I know, Jacob Freud is an odd topic. The real topic is not Jacob as a person so much as the autodidact attribute associated with Sigmund's parent. Autodidact is not a word we use commonly and so I looked it up to make sure there were no major implicit, non-etymological connotations hidden in the term.
Nope. In actual reality it means just what it says.
Which does make you wonder why a classically based combining form was ever needed for English speakers to say self taught. Why didn't they just say Jacob was self taught when that is what they are saying? Was the intent to imply that Jacob knew some Latin without having had any Latineducation? (Or Greek, perhaps, given that the article which set me off on this quixotic ramble was about Sigmund visiting the High City of Athens ... the Acropolis.)
Beyond mere vocabulary my personal reaction was that autodidacticism is an odd behavior. Why wouldn't you make use of trained teachers and professors in pursuing your self education? Then I began to examine my own educational history more closely.
I found languages intimidating so I used the high school Latin teacher and the college classics professor to help me to get past the foreign language requirements imposed by those powers who doubted that any person, at least no one under the age of 27, would invest in their own curiosity and desire for mastery. This must be a poor example, however, as my primary intent was not to learn Latin but to evade requirements. (I accomplished both however.)
Mathematics was a required course in school. You had to take the class to get the diploma and thus admission into the higher opportunities of employment and social acceptance. I was generally considered a good student but I did not much like the classes. I spent a large chunk of 10th grae geometry working out the basics of combinatorics and by 12th grade my friend and I were given the textbook, an empty classroom, and the instruction to stay at least 2 weeks ahead of the class.
As for computer programming, which gave its life to supporting me with the minimum of actual work, the very first time I saw a relevant class was the day I stood up to teach it at the technical college. On my own I had learned FORTRAN, IBM 1620 and 1130 absolute machine code, COBOL, the PDP/11 system, and that bizarre semi-language which attempted to emulate the plugboard programming of IBM 403 accounting machines.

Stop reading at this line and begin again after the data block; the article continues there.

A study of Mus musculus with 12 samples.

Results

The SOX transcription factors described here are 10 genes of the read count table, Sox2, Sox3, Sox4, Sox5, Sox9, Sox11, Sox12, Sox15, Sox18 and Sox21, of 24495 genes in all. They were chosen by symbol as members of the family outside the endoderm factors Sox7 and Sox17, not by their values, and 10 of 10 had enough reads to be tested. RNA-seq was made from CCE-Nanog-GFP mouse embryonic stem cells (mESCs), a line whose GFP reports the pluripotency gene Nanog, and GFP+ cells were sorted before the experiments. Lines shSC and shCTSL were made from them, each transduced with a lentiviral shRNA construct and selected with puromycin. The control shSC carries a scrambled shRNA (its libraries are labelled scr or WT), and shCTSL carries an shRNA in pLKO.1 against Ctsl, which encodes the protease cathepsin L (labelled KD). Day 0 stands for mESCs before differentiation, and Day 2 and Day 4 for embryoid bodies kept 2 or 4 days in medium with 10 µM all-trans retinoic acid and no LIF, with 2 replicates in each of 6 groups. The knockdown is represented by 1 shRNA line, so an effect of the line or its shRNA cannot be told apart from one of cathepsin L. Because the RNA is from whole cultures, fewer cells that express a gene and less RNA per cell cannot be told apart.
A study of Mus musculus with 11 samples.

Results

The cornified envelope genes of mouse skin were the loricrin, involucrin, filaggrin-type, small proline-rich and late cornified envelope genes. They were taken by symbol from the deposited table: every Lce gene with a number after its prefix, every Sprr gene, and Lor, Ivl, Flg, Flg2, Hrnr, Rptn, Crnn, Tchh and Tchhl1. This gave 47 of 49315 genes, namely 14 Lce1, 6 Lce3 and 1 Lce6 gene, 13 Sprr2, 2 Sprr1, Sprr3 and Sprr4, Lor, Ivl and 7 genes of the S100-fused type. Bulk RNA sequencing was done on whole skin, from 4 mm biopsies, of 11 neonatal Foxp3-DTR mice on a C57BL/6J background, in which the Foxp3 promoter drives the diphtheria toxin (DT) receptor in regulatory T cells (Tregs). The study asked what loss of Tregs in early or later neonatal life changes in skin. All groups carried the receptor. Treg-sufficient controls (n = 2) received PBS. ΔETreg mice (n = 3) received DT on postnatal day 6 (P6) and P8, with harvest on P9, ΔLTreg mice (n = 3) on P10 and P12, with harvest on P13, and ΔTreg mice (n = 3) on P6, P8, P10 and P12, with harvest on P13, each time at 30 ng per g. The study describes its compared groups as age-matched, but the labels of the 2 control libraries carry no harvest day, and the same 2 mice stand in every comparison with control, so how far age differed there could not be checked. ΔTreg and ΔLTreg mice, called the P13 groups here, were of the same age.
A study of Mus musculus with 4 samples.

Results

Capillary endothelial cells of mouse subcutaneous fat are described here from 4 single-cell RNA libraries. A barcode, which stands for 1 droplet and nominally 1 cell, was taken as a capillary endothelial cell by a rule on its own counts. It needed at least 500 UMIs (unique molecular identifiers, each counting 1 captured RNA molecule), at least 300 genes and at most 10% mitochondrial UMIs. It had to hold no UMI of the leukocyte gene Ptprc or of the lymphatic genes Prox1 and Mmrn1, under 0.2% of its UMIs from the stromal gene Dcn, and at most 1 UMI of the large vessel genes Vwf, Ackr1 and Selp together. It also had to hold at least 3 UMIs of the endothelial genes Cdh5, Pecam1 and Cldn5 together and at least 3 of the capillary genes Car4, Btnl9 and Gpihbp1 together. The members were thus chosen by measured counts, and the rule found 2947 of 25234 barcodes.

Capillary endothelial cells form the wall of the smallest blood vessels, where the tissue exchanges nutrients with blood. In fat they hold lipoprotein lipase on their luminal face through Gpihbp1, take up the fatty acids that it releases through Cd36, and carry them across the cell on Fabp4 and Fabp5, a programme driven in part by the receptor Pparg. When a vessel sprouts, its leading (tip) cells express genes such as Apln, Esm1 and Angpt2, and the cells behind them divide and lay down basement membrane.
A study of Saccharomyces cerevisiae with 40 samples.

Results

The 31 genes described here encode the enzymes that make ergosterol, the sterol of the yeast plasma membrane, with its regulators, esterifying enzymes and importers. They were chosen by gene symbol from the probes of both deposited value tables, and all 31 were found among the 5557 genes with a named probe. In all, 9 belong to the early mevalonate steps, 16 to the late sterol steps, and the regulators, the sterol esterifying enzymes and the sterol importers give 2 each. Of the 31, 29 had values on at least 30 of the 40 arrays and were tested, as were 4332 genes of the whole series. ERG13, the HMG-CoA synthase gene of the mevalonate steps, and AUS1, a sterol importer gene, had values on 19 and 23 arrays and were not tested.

Then there was theological education, an interestingly mixed story. I began at around age 13 by reading the Bible through (Genesis to Revelation, so I could keep track) in one translation after another. This is not to say I had spurned the amateurs who served as Sunday School teachers. I do not think I even noticed I was engaging in autodidacticism; given the prominence reading enjoyed in my family one natually would be reading something and adolescent obsessions are both common and inexplicable.
In college I utilized official courses in Religious Studies. I also made heavy use of the professors but a large portion of that was in informal conversation in their offices. By middle age I planned to return to school for master's degree level coursework but I lasted a little less than 2 hours as a formal student and continued instead as an auditor (but one who wrote the papers and took the tests whenever I felt like it). I did not stop reading either: "De Caritate" and "De Spe" in Quaestiones disputatae and The Guide of the Perplexed and John Wycliffe's Trialogus for examples spanning a few decades.
I would be loath to name myself an autodidact but that is more from a worry over confusion with being an autocrat than from any concern about inaccuracy.